The former right-hand man of Justin Trudeau is returning to Ottawa's Parliament Hill in an attempt to help stop a growing corruption scandal from destroying the Canadian prime minister's career.
Earlier this week, Jody Wilson-Raybould, Trudeau's former Attorney General, delivered explosive testimony that alleged the Canadian leader and his senior aides pressured her to intervene and defer criminal charges in a case against Montréal-based engineering giant SNC-Lavalin.
If the current bribery charges that the firm is facing — which date back to contracts the company was awarded in Qaddafi-era Libya — lead to a conviction, it would be banned from bidding on federal contracts for a decade. That would likely result in the firm either dissolving or moving out of the country.
Wilson-Raybould’s testimony was a political earthquake for the Liberal Party, which entered 2019 expecting to sail to a relatively easy second term at an election scheduled for this October. Overnight, the party’s chances at re-election have dimmed considerably, and Conservative Party leader Andrew Scheer this week took the extraordinary step of calling for Trudeau’s resignation.
“Justin Trudeau simply cannot continue to govern this great nation now that Canadians know what he has done,” the Tory leader said following Wilson-Raybould’s testimony.
Trudeau and his allies in the government have denied that Wilson-Raybould’s testimony is accurate, but they will soon have a testimony of their own to directly refute her. Following her appearance before the House of Commons Justice Committee, the Prime Minister’s former principal secretary Gerald Butts asked the committee’s chair — via Twitter — if he, too, could testify about the SNC-Lavalin affair. Such a request is unusual but reflects the unprecedented nature of the current scandal engulfing Canadian politics.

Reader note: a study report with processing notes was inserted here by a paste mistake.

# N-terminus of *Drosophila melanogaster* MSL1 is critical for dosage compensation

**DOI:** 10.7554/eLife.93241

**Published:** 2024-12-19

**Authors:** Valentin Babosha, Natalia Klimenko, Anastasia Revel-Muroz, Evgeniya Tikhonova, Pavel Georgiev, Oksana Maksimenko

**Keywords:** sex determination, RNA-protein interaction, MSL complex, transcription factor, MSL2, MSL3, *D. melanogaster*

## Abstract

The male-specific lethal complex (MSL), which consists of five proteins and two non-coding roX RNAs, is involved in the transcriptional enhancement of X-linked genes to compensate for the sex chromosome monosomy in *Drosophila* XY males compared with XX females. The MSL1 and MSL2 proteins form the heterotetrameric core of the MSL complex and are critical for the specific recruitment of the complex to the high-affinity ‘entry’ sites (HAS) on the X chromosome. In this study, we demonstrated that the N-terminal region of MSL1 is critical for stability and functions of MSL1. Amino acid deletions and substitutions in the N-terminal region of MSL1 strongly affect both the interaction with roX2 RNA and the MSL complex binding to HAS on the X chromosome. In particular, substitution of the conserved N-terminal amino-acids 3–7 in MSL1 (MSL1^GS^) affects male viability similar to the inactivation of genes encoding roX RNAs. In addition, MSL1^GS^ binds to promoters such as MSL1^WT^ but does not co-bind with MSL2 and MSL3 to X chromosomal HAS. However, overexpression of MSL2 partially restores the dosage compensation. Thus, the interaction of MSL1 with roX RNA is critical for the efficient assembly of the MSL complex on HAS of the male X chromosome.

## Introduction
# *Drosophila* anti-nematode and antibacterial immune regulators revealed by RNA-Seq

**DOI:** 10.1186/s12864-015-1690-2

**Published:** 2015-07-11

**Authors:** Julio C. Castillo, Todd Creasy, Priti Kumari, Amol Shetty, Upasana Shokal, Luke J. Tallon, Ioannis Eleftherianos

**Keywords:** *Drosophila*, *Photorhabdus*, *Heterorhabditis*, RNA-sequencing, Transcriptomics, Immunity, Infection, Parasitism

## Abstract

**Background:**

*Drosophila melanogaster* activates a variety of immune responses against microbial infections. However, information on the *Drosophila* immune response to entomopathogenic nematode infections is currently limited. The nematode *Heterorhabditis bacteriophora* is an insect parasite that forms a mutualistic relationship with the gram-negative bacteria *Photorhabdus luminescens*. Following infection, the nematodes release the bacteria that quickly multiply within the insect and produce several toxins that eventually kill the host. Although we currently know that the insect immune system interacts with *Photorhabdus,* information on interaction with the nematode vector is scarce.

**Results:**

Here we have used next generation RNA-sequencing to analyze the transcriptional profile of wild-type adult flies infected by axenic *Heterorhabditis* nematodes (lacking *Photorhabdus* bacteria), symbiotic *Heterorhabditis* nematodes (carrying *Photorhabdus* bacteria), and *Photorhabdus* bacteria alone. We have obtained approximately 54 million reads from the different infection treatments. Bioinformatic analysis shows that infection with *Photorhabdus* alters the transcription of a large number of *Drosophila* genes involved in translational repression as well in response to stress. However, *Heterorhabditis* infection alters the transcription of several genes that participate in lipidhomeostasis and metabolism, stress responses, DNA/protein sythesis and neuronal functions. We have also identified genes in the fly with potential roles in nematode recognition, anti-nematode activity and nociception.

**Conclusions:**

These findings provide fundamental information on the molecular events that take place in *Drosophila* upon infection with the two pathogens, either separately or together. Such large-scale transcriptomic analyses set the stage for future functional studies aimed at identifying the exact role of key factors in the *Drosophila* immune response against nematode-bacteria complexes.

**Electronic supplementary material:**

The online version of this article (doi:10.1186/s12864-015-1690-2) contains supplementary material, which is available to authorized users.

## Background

It seems unlikely Butts will admit to any wrongdoing when he testifies before the committee. In his 18 February resignation letter, he wrote, “at all times, I and those around me acted with integrity and a singular focus on the best interests of all Canadians...From my perspective, our relationship [between Butts and Wilson-Raybould] has always been defined by mutual respect, candor and an honest desire to work together.”
For nearly four years, Butts was the most powerful person in the Prime Minister’s office, and is considered the architect of the campaign that catapulted the Liberal Party from third-place to the government benches at the 2015 federal election. But Butts abruptly resigned from his position in February, days after the SNC-Lavalin scandal was first broken by The Globe & Mail.
It isn’t known yet exactly what Butts will say in his testimony, expected this coming Wednesday, but it is nearly certain he will come to the defense of the office he left several weeks ago, and in particular Trudeau himself, chief of staff Katie Telford, and legal advisor Mathieu Bouchard, all of whom were accused directly by Wilson-Raybould of attempting to politically interfere in the SNC court case.
“In my view, these events constituted pressure [from Trudeau, Butts, Telford and Bouchard] to intervene in a matter and that this pressure or political interference to intervene was not appropriate. However, Canadians can judge this for themselves, as we now have the same frame of information,” she said in her testimony.
Even if Trudeau manages to weather the scandal and cling to power at this fall’s election, many in his party are now unsure he should stay on as leader. Wilson-Raybould herself is reportedly among those in the party with prime ministerial aspirations.
That could be among the reasons why Trudeau suggested at a press conference in St. Hubert, Que., earlier this week that he was considering kicking Wilson-Raybould out of the Liberal caucus.
"I have taken knowledge of her testimony and there are still reflections to have on next steps," he said.
She had previously reaffirmed her desire to remain a Liberal MP, and committed to running for re-election under the party’s banner in her wealthy inner-Vancouver seat. However, Trudeau could unilaterally decide to remove her from the party’s parliamentary caucus anyway. If next week’s testimony doesn’t succeed in changing the channel on the scandal, it seems likely he may choose to do just that.